Oh. My. God. December is just NUTS, isn’t it?
In my Creative Ignition Club call today, one of my Igniters acknowledged that, what with 15 more hours a week at work to deal with end-of-year stuff, visiting house guests, getting ready for holiday events and whatnot, it just didn’t make sense to expect herself to maintain the same 20-minutes-a-day Creative Sandbox schedule she managed last month.
Plus there’s the fact that the projects she really wants to work on take up space, which is currently being used by house guests.
So they will have to wait. (Her projects, that is. Not the house guests.)
What’s keeping her sane in the meantime is incorporating her creative expression into daily life. Turning cookie decorating into an art project. Doing origami while watching TV with her family.
It isn’t sating her creative hunger 100%, but it’s enough that she doesn’t feel completely bereft. It’s a “band-aid” solution, and she knows it.
How to work that Band-Aid
We all have to make do with “band-aid” solutions sometimes. If that’s your situation right now, here are my suggestions for optimal happiness until you can get back to “normal.”
1) Keep your eye on the light at the end of the tunnel
“Band-aid” solutions can get you by temporarily, but unless you know it’s really only temporary, it’s all too easy to get worn down. If you know that in X days or weeks you’ll be able to indulge your creative spirit to the max again, your temporary band-aid won’t feel as frustrating. Keep reminding yourself that your crazy-ass situation is not permanent.
2) Make a hard date with yourself to get back on track
The biggest problem with “falling off the wagon” is not the falling; it’s the difficulty of getting back on.
When we’re in the habit of keeping a commitment — creative or otherwise — it has a certain momentum. All of that goes away when you fall off, and inertia is a formidable foe. It’s all too easy to let a couple of weeks slide into a couple of months, and even years. Put the odds in your favor by making a hard date to start back on your commitment.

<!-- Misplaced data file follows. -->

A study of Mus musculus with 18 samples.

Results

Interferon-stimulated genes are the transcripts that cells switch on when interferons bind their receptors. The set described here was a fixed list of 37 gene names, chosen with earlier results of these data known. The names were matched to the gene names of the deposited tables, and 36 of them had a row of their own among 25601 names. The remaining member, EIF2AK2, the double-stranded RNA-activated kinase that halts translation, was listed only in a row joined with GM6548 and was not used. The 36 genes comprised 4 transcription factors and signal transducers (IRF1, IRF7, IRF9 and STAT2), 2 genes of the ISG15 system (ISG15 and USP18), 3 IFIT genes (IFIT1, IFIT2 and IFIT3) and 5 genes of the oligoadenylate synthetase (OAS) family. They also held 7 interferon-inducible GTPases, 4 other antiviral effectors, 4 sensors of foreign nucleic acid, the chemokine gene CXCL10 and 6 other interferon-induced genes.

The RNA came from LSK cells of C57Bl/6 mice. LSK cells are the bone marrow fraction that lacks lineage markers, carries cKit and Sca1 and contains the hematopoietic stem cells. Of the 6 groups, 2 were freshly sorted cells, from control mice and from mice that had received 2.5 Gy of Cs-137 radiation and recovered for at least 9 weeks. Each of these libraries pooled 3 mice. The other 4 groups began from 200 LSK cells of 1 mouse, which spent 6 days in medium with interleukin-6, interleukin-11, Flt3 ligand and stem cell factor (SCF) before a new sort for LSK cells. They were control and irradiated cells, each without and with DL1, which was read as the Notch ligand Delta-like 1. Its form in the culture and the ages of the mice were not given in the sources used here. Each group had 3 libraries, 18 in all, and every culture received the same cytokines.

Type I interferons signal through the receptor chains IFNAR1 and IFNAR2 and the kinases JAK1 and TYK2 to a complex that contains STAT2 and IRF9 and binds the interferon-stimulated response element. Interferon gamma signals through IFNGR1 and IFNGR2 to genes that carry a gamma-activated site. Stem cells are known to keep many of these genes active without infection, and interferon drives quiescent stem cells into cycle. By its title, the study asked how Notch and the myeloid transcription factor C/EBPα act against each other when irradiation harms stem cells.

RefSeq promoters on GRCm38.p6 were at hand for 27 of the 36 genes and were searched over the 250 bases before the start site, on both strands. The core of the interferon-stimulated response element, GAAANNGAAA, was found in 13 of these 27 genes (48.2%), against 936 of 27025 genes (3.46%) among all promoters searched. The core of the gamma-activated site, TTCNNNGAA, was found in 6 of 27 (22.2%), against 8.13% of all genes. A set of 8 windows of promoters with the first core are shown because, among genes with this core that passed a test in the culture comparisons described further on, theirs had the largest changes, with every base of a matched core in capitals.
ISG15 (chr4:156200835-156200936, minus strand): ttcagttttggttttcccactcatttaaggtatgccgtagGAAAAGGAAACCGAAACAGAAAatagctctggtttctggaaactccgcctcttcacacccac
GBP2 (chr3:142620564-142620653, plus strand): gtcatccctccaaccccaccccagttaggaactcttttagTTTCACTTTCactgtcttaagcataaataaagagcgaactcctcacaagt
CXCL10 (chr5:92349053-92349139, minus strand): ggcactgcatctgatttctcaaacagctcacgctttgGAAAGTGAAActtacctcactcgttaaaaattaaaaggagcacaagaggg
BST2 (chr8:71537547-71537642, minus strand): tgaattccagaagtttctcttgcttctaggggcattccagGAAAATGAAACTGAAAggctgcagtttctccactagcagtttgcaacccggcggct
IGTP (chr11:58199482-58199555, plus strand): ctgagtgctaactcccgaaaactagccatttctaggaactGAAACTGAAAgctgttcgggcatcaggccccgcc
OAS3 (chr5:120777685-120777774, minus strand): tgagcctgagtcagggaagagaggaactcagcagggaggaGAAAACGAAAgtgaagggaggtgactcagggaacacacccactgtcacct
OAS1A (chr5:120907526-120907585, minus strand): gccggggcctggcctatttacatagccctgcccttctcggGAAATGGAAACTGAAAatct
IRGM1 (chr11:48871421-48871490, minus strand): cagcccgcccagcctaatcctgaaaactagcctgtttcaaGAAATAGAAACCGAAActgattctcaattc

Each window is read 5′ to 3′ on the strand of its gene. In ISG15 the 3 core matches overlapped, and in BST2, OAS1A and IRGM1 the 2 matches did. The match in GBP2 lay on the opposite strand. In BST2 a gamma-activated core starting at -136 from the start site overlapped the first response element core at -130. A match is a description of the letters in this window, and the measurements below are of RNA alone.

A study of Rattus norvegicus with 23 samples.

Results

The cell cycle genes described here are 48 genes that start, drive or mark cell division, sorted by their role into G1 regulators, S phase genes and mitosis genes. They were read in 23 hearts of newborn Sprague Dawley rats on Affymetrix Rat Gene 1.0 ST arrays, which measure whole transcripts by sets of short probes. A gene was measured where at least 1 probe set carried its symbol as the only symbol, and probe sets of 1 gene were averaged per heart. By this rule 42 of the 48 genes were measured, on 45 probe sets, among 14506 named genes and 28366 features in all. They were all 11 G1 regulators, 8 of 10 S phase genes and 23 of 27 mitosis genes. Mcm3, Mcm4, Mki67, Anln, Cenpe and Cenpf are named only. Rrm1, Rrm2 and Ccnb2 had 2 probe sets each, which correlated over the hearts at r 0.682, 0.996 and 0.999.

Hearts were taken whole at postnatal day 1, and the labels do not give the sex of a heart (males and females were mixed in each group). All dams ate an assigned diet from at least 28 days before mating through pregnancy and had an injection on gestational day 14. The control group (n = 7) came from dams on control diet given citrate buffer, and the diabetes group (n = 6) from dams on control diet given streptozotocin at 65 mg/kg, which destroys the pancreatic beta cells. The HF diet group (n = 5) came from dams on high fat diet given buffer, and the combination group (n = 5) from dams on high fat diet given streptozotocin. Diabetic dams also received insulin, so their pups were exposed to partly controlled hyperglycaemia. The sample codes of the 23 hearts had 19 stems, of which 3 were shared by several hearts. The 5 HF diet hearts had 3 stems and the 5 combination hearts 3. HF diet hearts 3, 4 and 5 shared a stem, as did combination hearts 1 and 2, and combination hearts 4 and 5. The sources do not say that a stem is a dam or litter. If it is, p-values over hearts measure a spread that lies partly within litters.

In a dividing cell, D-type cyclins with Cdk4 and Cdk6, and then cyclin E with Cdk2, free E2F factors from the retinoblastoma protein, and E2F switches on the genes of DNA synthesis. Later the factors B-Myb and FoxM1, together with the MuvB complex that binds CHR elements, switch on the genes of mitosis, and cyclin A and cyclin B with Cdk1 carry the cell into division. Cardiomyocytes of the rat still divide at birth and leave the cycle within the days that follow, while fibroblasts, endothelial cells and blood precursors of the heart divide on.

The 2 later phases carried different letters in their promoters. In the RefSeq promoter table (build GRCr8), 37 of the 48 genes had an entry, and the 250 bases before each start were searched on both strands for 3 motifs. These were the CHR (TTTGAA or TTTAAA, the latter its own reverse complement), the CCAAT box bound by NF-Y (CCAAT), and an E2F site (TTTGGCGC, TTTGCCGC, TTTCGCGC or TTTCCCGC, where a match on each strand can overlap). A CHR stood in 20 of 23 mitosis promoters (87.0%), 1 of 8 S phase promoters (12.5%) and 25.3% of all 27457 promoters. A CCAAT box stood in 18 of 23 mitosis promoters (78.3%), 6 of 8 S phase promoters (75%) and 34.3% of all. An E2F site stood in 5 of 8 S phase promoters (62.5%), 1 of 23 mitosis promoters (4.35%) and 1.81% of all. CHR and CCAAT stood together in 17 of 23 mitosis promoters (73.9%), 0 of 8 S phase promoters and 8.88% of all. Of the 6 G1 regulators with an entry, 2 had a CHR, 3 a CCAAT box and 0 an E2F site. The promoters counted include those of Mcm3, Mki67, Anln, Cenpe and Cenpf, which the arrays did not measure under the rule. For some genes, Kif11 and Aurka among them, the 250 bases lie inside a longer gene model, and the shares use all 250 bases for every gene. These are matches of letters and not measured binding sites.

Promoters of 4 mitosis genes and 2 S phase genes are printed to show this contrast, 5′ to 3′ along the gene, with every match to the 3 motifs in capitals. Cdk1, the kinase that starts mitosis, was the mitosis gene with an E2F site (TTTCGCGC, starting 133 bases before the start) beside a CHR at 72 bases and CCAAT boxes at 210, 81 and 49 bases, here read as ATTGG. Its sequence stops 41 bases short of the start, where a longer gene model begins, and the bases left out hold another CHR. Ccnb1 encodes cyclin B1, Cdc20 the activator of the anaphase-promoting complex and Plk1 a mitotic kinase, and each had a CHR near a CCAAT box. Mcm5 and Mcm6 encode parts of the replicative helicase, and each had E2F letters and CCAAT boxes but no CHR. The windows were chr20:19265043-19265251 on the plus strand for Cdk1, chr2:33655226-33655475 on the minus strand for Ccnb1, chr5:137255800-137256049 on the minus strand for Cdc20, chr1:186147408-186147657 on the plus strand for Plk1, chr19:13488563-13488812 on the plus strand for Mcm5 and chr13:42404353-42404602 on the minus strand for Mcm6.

3) Get help wherever you can
Count down to your start-back-up day (you might want to make a chart to hang on your wall, or cross off days on a calendar), and improve your chances of following through in whatever ways you can. Here are some suggestions:
- Enlist an accountability partner to check in with you before, on and after your start-back-up date.
- Share your commitment in a public forum, where you know other people will be holding you accountable.
- Determine whom among your friends and family is truly supportive of you pursuing your creative passions (NOT the ones who pay lip service while rolling their eyes — you know who they are) and let them know you could use some encouragement to get back on track.
- Book a session with a good coach around your target start-up date.
4) Eliminate the hoops
The more hoops you have to jump through, the less likely you’ll be to do the thing you really want, no matter how much you want it. Resistance is that powerful! Start preparing for your start-back-up date now by removing as many hoops as you possibly can.
I read about a guy who wanted to establish a daily running practice, but just couldn’t keep it up. Then one night he put his running shoes by his bed and went to sleep in his workout clothes. The next morning he was up and out on a run first thing. From that day on he slept in his workout clothes, and his running practice locked into place like magic.
Figure out what hoops are in your way, and do whatever you can to eliminate them. Clear off that desk or work table and pull out your supplies where they’re easy to access (just as soon as all the guests clear out, or beforehand if you can!) Set up your environment to invite you in. Keep an eye on your calendar and mark off sacred space for YOU, then make sure not to schedule ANY appointments during those times.
5) Grab “You” time whenever you can
There’s a reason I recommend a 15-minutes a day standard, even for Creatives who can frequently manage much more than that. 15 minutes is actually enough to get into that magical state of “flow,” when time stops, you lose your ego, and live wholly in the moment. And it’s a small enough chunk that it’s almost ridiculous to say you can’t make it happen.
But if you really can’t get in 15 minutes, aim for 10. Or 5. Or one. Doodle, for god’s sake. Do something to remind your creative spirit that you haven’t forgotten about her or him. And like my Igniter above, look for ways to feed your creative hunger throughout the day.
We all have extra-ridiculously-insane-crazy-ass periods. Sometimes, making do with a “band-aid” solution for a bit is the wisest, most self-compassionate thing we can do. When those times descend, though, treat yourself with maximum love and self-care by preparing to get back on track as quickly as possible, and do whatever you can to keep yourself nourished in the meantime.
What tips do you have for staying sane and creatively nourished when things get crazy? Share them in the comments below!
PS — Pssst! Know someone who might benefit from seeing this today? Pass it on!